Biomedical engineering research develops ultrathin, injectable sensors

Staying connected to her post-doc lab has helped assistant professor Ahyeon Koh build a network of researchers who are working on ultrathin needles with powerful sensors.

Assistant professor Ahyeon Koh of the Biomedical Engineering Department
Assistant professor Ahyeon Koh of the Biomedical Engineering Department
Assistant professor Ahyeon Koh of the Biomedical Engineering Department

A new biomedical engineering study out of Northwestern University has developed an ultrathin needle that can be inserted into tumorous cells to measure the stiffness without damaging cells nearby. The study was conducted by Xinge Yu and evolved from research done by Binghamton University’s assistant professor Ahyeon Koh who also assisted with Yu’s study.

The paper titled “Needle-shaped ultrathin piezoelectric microsystem for guided tissue targeting via mechanical sensing” was published on Nature Biomedical Engineering’s website.

Yu and Koh worked together as post-docs in the same lab at the University of Illinois at Urbana-Champaign and have continued to collaborate since the lab moved to Northwestern University.

Yu’s recent study is inspired by work that Koh did in 2016. As a post-doc, Koh worked on creating a needle that could sense temperature but was also thin enough and flexible enough to avoid potential cell damage.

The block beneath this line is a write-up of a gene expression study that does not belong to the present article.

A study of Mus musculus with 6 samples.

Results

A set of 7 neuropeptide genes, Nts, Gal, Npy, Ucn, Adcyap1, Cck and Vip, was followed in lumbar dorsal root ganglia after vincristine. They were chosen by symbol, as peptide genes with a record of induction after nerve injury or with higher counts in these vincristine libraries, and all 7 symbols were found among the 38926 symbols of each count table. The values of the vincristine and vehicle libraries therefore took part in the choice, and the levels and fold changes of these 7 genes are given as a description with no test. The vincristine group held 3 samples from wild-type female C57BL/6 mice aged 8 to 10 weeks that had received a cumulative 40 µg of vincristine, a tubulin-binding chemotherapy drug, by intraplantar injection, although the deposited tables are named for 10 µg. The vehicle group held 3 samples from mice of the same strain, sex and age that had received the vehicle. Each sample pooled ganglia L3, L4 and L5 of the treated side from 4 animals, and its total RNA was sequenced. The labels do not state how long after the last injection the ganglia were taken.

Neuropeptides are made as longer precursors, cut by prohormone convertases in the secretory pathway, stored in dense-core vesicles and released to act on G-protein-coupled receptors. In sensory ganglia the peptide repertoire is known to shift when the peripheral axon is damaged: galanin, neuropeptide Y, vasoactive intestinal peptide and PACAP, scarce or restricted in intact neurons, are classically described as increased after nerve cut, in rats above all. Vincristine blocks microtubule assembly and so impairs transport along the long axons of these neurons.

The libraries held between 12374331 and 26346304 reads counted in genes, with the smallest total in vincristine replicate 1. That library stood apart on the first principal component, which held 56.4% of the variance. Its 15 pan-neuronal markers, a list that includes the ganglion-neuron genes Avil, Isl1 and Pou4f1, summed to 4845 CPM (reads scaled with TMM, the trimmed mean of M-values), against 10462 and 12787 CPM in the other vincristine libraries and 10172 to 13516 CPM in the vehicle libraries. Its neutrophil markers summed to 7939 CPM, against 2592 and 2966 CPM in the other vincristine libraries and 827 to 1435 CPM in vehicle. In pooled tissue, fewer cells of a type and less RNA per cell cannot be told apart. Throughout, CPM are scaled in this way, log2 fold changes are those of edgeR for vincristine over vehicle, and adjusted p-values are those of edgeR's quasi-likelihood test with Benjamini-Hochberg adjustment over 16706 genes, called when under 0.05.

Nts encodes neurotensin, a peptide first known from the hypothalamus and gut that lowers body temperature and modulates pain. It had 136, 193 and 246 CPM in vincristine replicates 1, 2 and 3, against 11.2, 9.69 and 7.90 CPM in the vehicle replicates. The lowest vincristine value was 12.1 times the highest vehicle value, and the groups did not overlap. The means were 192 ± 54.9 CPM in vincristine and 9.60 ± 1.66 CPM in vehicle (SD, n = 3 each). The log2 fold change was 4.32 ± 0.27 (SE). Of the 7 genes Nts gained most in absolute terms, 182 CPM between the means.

“You can think of it like a piece of tofu and a chopstick. If you stick a chopstick into tofu and then shake that chopstick around, the tofu is going to end up falling apart,” explained Koh. “You don’t want to do something like that when you’re sticking a needle into the brain or someone’s heart.”

Getting temperature readings from inside the heart was a big challenge for Koh’s study. “You can’t just get the temperature from the walls of the heart because that’s constantly cooling down. You need something that can go inside and sensor the temperature from there.”

Koh’s study was titled “Ultrathin Injectable Sensors of Temperature, Thermal Conductivity, and Heat Capacity for Cardiac Ablation Monitoring.”

Yu’s recent study uses a similar concept, but instead focuses on determining the stiffness of cells. The device Yu created can be incorporated in biopsy tools for evaluating tumor cells.

When asked about her previous work in the lab, Koh said that the collaborative environment is part of what has kept her connected to her post-doc coworkers.

“It’s a huge lab but we all stay connected and collaborate on work we’re doing at our respective institutions. We had a get-together in Chicago at the end of last year to share ideas and learn from each other,” she said.

Koh joined the Binghamton University Biomedical Engineering Department in 2016. She said she is looking forward to the work she is currently doing in her Binghamton lab and enjoys knowing that she always has her post-doc connections to further her current research.